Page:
Communication with a child can be difficult in the best of times, but is even more challenging with non-verbal children. Parents and caregivers must learn what alternative methods of communication their child responds best to and develop the system further so the child can communicate fully with the people and world around him. Whether your child is on the autism spectrum or has unrelated communication challenges, read on for advice from the staff at Woodburn Pediatric Clinic and helpful information about non-verbal communication methods developed by families dealing with this very issue.
The lack of verbal skills in some autistic children is distressing for parents, but it’s not a total barrier to developing healthy parent/child relationships. Parents can communicate with non-verbal autistic children through sign language and body language, both of which can be used to communicate wants and needs, and affection. These other modes of communication can also be beneficial for educational purposes, too.
Dr. Steinberg of Woodburn Pediatric Clinic says that physical guidance is key: he recommends that parents sit with their child, guiding their child’s attention to appropriate activities (through pointing, directing, etc.) because children with autism often look at toys or analyze them rather than playing with and enjoying them. Parents can guide the child’s behavior to use the toy appropriately, like driving a toy truck around in circles instead of just spinning the wheels.
How Communication Therapy Can Help
Non-verbal autistic children have trouble finding the words they need to communicate with the people around them, so a communication therapist can help them develop the language skills they need. It’s advisable to begin communication therapy as soon as possible for children that have been diagnosed with autism, but the typical age for therapy begins around 18-20 months of age when language delays become apparent.
It’s important to note that non-verbal communication issues extend to written language vocabulary – children with ADHD and autism have difficulty multitasking and finding the words they need to express their thoughts, remembering capitalization and proper punctuation, and understanding/remembering proper sentence and paragraph structure.
Non-Verbal Methods of Communication
Reaching children through non-verbal methods of communication can be beneficial for them in their individual growth and development and for you, as the parent. Many children can interpret symbols on a piece of paper (like flashcards), conveying to them what part of the day/routine it is, where you will be going, or what meal you will be having for dinner. Symbols like a fork for dinner, a bed for bedtime, a bathtub for bathing, a dog or cat for chores related to their pet, a book for homework, and various weather symbols to let them know what the day looks like outside, will help them understand what they need to know about the world around them.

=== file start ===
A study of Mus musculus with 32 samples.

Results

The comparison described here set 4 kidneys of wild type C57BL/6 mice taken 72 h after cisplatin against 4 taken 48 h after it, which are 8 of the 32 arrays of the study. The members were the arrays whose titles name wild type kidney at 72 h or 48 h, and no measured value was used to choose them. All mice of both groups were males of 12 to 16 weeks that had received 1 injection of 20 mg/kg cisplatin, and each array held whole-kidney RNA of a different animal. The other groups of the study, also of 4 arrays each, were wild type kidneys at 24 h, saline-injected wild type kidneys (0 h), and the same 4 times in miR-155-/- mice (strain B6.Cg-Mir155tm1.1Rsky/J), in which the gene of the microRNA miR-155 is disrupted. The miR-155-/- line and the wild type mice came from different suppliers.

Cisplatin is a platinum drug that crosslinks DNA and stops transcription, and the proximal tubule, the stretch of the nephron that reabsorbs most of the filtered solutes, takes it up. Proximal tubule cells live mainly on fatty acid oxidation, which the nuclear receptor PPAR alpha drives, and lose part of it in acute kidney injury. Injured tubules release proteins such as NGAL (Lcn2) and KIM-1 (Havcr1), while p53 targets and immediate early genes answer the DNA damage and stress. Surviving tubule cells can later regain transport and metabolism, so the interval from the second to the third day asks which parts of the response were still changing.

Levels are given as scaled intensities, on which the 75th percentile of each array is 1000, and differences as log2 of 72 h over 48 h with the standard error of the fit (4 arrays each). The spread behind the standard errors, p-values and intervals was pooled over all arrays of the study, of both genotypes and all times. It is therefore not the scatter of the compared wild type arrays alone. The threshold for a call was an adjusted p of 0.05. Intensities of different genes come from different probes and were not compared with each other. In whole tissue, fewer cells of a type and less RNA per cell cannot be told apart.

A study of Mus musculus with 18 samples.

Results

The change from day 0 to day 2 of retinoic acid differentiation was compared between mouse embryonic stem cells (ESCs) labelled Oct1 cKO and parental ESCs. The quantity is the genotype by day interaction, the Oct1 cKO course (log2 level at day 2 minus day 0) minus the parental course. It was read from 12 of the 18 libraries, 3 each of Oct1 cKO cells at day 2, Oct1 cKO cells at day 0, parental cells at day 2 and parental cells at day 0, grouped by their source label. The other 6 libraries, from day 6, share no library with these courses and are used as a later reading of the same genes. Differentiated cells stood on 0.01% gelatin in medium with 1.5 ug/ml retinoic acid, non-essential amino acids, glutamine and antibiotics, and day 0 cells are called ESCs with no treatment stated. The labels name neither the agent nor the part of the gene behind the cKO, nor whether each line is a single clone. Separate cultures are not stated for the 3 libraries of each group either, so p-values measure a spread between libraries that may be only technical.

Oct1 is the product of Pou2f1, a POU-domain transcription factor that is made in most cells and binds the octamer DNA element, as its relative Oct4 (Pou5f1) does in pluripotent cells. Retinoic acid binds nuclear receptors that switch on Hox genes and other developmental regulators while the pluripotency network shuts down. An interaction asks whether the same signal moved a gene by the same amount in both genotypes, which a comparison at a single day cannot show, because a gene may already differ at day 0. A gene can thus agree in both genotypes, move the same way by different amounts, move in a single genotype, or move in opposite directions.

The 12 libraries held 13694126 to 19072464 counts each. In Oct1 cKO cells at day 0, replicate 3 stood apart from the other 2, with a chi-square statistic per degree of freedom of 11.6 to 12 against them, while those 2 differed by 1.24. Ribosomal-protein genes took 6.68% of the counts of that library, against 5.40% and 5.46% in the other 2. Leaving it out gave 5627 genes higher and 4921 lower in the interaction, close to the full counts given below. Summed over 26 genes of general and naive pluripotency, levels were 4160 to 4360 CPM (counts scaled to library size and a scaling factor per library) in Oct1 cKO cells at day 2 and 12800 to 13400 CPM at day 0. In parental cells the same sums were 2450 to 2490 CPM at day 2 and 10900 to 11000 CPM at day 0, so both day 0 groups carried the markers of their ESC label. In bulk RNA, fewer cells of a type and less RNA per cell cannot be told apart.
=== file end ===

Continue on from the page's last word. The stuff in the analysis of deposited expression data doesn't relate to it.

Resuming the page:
Non-Verbal Communication Strategies for Children
- Sit at eye level with your child when speaking and communicating so your child can see your mouth and hand movements easier.
- If your child only uses non-verbal communication, present her with two options, A or B, so she can make decisions and have control over her life. Ask if she wants A (point this option out with your left hand or foot) or option B (right hand or foot) to emphasize that there are two separate choices to be made.
- If your child has non-verbal autism, it’s important to still speak around him and include him in conversations so he feels included in family time/activities; there is hope that he may eventually learn some words or understand the meaning of words spoken to him.
- Children with non-verbal autism often express themselves best through music or dance or hand movements of their own making. Incorporate these motions, as well as art, musical instruments, banging on pots and pans, playing with finger paints, or running hands through fun textures like jars of glass beads or containers of silly putty to express emotions that are otherwise difficult without language.
- As previously mentioned, flash cards are an excellent tool for non-verbal communication. You can buy pre-made cards online or in specialty education shops, or make your own with free images found online.
Expressing ourselves with words is not the only way to say that we love our family, that we’re happy, or that we’re hungry. Non-verbal children on the autism spectrum use different means of communication, but they still have a lot to say if we’re willing to listen. Contact us today to discuss any concerns about your child’s behavior or to schedule an evaluation.